This week saw the release of several crucial economic data measures from the federal government. The Commerce Department released a shocking figure of GDP growth in the second quarter of 2020 and the Department of Labor made public data regarding unemployment insurance claim applications. These two immediately significant releases provide Americans a real, quantifiable glimpse of the impact of both the global COVID-19 pandemic and the federal government’s response on the economic realities of citizens.
The US economy contracted at a historically rapid rate over the second quarter of 2020, with the annual GDP growth rate falling to a loss of 32.9%. Definitively, this does not mean that the US economy shrunk by a third, nor does it mean that GDP shrank this much since the first quarter of 2020. The loss of 32.9% is an annualized rate, signaling that if economic conditions over the second quarter were persistent and held steady, US economic output would contract by 32.9% over one year (also accounting for seasonal adjustments). Albeit shocking and historic, this annual growth rate figure must be taken in context. Extreme measures such as national shelter-in-place orders and widespread non-essential business shutdowns were taken for several weeks as the US fought to combat the novel coronavirus and slow the spread of transmission of COVID-19 in March and April. Lockdowns have since eased and businesses, once shuttered, have reopened to the public. But these short-term swings took a serious toll on American economic output. As the economy begins on its path to rebuilding and growth, these measures must be taken in context, and sometimes that means annualized rates are not the best means of representation.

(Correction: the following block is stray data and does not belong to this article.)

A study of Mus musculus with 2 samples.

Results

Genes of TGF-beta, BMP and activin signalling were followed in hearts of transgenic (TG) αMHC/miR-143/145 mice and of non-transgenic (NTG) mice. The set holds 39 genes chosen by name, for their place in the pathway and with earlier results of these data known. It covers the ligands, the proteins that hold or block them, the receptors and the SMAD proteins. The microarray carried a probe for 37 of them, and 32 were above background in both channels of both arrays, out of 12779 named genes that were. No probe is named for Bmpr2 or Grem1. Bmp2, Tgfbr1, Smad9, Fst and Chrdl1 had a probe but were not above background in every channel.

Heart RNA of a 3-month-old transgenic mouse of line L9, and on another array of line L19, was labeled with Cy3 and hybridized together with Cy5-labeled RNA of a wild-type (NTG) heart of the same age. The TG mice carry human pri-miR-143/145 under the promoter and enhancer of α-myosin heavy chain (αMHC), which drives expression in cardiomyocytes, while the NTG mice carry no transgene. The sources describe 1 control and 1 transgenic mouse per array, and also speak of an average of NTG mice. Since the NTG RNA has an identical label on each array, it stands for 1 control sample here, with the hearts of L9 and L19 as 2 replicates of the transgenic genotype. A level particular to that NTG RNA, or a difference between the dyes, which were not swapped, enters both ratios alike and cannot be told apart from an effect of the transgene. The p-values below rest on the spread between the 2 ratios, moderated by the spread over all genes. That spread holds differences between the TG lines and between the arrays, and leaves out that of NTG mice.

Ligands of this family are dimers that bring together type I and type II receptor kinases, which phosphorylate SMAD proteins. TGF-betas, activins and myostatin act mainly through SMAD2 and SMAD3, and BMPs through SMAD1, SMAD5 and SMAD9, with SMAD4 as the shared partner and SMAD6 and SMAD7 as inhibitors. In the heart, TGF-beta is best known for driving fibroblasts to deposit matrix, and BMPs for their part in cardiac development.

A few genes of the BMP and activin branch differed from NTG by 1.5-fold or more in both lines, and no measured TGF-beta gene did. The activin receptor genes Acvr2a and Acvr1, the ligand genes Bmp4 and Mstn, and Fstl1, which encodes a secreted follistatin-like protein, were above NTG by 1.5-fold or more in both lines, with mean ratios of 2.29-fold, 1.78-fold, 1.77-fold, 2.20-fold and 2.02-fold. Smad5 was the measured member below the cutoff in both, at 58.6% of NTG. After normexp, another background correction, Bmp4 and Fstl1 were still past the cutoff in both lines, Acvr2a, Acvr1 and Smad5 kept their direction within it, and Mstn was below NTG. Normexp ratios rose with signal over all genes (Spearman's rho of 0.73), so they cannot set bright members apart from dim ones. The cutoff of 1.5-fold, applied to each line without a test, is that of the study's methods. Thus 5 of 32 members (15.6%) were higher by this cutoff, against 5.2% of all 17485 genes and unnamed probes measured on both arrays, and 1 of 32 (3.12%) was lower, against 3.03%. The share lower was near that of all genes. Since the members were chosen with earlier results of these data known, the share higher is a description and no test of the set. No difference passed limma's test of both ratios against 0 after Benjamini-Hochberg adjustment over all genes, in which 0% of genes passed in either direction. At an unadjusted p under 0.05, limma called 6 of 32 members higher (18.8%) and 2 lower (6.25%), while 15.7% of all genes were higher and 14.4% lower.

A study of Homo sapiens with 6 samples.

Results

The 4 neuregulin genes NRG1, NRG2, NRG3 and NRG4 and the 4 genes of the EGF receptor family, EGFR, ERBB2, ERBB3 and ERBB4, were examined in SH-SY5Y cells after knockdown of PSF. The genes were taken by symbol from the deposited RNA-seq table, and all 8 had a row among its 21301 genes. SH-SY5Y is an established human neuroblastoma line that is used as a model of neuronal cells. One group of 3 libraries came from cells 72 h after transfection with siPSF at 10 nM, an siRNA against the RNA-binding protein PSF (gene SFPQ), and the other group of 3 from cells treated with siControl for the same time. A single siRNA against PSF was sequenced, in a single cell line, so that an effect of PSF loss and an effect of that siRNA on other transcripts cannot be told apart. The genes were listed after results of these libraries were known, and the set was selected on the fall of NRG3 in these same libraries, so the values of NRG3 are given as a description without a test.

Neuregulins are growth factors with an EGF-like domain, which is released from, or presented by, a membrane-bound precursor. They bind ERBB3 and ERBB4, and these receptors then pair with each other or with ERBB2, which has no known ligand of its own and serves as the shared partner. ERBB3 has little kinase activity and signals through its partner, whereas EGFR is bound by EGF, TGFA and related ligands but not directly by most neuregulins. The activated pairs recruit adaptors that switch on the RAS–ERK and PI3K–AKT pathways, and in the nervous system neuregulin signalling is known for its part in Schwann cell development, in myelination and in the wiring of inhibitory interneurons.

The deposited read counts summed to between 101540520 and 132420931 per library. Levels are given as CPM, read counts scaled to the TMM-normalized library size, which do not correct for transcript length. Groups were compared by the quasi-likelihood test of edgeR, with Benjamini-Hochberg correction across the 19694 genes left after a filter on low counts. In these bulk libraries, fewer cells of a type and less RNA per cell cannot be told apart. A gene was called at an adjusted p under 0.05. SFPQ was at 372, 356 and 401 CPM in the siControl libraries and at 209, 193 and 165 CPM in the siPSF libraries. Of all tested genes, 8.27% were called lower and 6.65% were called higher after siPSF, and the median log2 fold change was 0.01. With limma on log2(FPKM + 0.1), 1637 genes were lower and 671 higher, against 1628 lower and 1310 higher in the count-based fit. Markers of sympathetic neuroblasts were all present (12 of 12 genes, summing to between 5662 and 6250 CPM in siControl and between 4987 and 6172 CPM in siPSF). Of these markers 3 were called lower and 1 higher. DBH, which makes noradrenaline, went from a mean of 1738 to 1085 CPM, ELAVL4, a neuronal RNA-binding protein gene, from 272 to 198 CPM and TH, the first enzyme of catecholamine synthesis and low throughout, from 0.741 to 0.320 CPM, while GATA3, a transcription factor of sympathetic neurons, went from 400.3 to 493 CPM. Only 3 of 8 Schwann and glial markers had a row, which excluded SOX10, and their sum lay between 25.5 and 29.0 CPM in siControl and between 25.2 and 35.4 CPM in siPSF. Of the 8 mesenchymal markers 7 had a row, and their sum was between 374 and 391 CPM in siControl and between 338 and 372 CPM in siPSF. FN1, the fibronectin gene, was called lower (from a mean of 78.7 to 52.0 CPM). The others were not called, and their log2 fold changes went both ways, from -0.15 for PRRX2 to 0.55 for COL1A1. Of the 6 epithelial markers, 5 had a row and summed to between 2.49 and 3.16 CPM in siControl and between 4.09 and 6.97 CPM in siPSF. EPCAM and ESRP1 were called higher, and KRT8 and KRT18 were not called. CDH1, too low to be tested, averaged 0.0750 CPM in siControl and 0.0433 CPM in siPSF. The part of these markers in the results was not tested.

Secondly, the Department of Labor released its data regarding new applications for unemployment insurance benefits. Such applications increased by 12,000 to 1.43 million in the week ended July 25th. Simultaneously, the number of individuals receiving unemployment benefits passed 17 million in mid-July, as the pandemic’s unabated effects took their toll on the US labor market. Members of Congress are currently in talks of another stimulus package for Americans severely affected by the pandemic, but partisan gridlock stalls progression. The federal $600 unemployment benefit program, which began earlier in March, ceased August 1, leaving millions of Americans without a weekly income as unemployment insurance claims continue to rise.
As August rents have come due, federal unemployment insurance benefits cease, and the labor market struggles to rebound after a record-setting economic contraction over the last three months, millions of Americans will face the brunt of economic hardship. Without some sort of further economic stimulus, the spillover effects to businesses and investment will be marked.